An Irish Airman Foresees His Death

by William Butler Yeats


Quick answer:

“An Irish Airman Foresees His Death” deals with the idea of death by presenting it as something to be treated with indifference. The eponymous airman knows that he will be killed in action, yet he takes to the skies anyway due to “a lonely impulse of delight.”


He doesn't fight out of a sense of patriotism; those he guards he does not love, meaning that, as a proud Irishman, he is not fighting for the British Empire, of which his native country is still a part. Nor has he succumbed to the clamor of cheering crowds full of jingoistic fervor at the prospect of a swift, glorious victory.

For good measure, the airman doesn't even hate the enemy. As he tells us, “Those I fight I do not hate.” It transpires that he's only fighting because it gives him “a lonely impulse of delight,” a feeling of sheer joy that he derives from taking to the skies alone.

The airman's attitude to death is one of complete indifference. He doesn't just think that he will die somewhere among the clouds; he knows that he will. And yet, he doesn't seem to care. Death is nothing to him, a matter of supreme indifference.

Looking at the bigger picture, he realizes that, in the overall scheme of things, his death won't make the slightest bit of difference to the outcome of the war, or to the future of that part of Ireland from which he hails, Kiltartan Cross.

When he examines his life, the airman sees it as nothing more than a waste of breath. And if he should survive, the years remaining to him will be exactly the same. This stands in stark contrast to the short life of an airman, which at least can give him something he can't get elsewhere or in any other situation: a lonely impulse of delight.


A Byronic hero, the Irish airman contemplates his demise with aristocratic aplomb and a certain amount of ambiguity as he ponders that he is unconcerned for either side of World War I, the Germans and the English, 

Those that I fight I do not hate,

Those that I guard I do not love

Watching his dreams shatter, the Irish airman has the Joycean moment of insight in which he recognizes that he has enlisted because of "A lonely impulse of delight," the excitement of chauvanism.  Now, the future seems "a waste of breath," which then makes his past equally meaningless as he balances life and death. All has been for nothing as his country is "Kiltartan Cross" and his countrymen "Kiltartan's poor" for whom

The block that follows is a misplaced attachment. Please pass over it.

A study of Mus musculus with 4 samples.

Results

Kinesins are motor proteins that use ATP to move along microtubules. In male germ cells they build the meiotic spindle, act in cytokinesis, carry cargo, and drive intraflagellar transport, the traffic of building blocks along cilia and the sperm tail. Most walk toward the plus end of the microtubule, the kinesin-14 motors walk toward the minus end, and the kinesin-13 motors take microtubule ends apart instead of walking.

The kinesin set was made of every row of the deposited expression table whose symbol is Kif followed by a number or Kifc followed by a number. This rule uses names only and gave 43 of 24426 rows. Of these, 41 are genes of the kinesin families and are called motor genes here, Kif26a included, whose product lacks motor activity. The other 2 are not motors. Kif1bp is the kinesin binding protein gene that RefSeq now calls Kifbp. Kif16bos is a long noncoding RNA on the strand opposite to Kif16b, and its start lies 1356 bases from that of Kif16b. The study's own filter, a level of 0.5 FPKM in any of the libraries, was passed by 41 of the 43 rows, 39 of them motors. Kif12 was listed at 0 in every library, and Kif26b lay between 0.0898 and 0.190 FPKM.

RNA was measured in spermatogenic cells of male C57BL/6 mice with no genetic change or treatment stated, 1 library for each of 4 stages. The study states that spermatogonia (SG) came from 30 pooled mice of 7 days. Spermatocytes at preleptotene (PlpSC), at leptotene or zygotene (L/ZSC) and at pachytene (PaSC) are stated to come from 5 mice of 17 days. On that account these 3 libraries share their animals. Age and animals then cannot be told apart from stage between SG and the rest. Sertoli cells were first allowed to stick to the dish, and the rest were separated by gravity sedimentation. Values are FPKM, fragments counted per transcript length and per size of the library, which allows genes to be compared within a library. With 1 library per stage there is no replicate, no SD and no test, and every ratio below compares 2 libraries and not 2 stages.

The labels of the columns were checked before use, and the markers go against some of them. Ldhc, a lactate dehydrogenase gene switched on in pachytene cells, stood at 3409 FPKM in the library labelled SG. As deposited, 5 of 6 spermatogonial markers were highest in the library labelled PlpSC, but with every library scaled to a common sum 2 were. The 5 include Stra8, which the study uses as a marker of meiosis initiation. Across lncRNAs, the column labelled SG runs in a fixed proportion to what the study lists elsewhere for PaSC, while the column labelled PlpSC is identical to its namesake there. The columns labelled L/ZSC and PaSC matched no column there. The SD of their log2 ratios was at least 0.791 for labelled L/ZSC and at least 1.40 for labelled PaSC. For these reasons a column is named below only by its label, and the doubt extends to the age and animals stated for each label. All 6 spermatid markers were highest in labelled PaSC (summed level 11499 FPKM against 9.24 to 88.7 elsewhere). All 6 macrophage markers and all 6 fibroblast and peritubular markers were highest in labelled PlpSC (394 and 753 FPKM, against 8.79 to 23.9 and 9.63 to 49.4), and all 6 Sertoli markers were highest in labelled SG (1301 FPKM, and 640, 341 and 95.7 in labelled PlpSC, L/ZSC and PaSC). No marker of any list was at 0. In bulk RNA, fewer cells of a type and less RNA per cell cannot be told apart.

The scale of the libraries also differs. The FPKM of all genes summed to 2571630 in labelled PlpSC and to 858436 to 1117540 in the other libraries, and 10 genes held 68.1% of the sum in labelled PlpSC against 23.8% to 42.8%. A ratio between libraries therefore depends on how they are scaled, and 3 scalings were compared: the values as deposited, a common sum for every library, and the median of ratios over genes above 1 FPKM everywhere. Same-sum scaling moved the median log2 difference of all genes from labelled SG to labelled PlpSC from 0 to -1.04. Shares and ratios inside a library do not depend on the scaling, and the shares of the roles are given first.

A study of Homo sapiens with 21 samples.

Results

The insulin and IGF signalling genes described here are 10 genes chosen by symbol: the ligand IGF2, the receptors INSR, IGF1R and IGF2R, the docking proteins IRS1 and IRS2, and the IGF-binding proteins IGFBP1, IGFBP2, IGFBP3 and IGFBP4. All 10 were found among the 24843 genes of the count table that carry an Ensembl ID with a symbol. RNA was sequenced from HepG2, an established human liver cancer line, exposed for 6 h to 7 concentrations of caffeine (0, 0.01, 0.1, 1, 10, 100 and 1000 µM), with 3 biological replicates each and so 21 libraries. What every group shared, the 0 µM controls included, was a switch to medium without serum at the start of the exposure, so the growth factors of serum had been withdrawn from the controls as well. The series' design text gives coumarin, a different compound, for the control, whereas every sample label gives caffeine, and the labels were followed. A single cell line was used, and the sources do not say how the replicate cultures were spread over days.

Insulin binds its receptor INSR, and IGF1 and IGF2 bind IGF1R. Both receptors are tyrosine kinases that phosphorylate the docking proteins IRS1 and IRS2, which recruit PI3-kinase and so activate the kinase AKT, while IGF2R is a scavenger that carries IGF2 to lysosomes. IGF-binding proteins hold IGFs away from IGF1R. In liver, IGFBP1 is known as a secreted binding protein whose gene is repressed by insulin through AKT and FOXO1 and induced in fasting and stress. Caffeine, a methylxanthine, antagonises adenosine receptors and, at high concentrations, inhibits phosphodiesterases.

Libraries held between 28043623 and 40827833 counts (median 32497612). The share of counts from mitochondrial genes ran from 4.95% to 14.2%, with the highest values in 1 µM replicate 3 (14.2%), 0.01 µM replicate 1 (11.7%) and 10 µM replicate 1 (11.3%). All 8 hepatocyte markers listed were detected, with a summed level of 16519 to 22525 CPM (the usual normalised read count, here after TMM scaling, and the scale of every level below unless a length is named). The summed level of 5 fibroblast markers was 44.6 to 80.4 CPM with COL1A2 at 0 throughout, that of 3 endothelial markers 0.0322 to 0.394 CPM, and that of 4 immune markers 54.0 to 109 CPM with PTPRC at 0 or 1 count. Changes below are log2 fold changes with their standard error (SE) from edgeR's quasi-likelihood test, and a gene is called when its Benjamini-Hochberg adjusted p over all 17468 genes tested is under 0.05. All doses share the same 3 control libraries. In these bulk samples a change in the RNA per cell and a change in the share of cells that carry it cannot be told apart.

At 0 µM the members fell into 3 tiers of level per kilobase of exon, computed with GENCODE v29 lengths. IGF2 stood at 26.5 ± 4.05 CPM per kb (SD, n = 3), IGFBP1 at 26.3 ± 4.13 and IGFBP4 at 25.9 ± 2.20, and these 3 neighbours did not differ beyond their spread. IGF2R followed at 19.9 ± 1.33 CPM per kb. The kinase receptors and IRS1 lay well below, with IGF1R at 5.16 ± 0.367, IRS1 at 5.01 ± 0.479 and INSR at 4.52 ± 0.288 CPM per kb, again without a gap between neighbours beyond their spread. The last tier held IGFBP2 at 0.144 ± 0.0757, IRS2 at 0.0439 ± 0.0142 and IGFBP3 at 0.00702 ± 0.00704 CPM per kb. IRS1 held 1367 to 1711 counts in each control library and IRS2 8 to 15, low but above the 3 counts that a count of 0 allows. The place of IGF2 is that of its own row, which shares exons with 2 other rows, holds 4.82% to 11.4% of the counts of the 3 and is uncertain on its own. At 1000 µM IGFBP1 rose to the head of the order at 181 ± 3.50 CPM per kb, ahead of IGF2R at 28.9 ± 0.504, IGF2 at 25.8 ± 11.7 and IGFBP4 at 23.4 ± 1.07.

No likely end could bring them loss

Or leave them happier than before.... 

A waste of breath the years behind

In balance with this life, this death.

 A poignant poem, "An Irsh Airman Foresees His Death" expresses the existential futility of both life and death, but it is a futility that the Romantic individual accepts.


This poem, composed as a dramatic monologue, was written by William Butler Yeats to commemorate the valor and patriotism of Major Robert Gregory, an Irish aviator, who was a member of the gentry and an artist and a scholar.

The poem deals with the untimely death of an Irishman, who ironically could have better served his country had he lived because he could have helped to quell the unrest in his beloved Ireland after the war.

The aviator is likened to a Byronic hero since he has volunteered to fly for the British government out of a romantic desire for adventure:

A lonely impulse of delight 
Drove to this tumult in the clouds,

That the airman has had foreknowledge of his demise is indicated in the first two lines. He is well aware of the risks involved in flying machinery that has not been perfected and could well be shot down. But, the airman, true hero that he is, avoids any regret and resentment.

Those that I fight I do not hate
Those that I guard I do not love

Certainly, this poem conveys the futility of war and the pilot's philosophical contemplation of the insignificance of his bold adventure.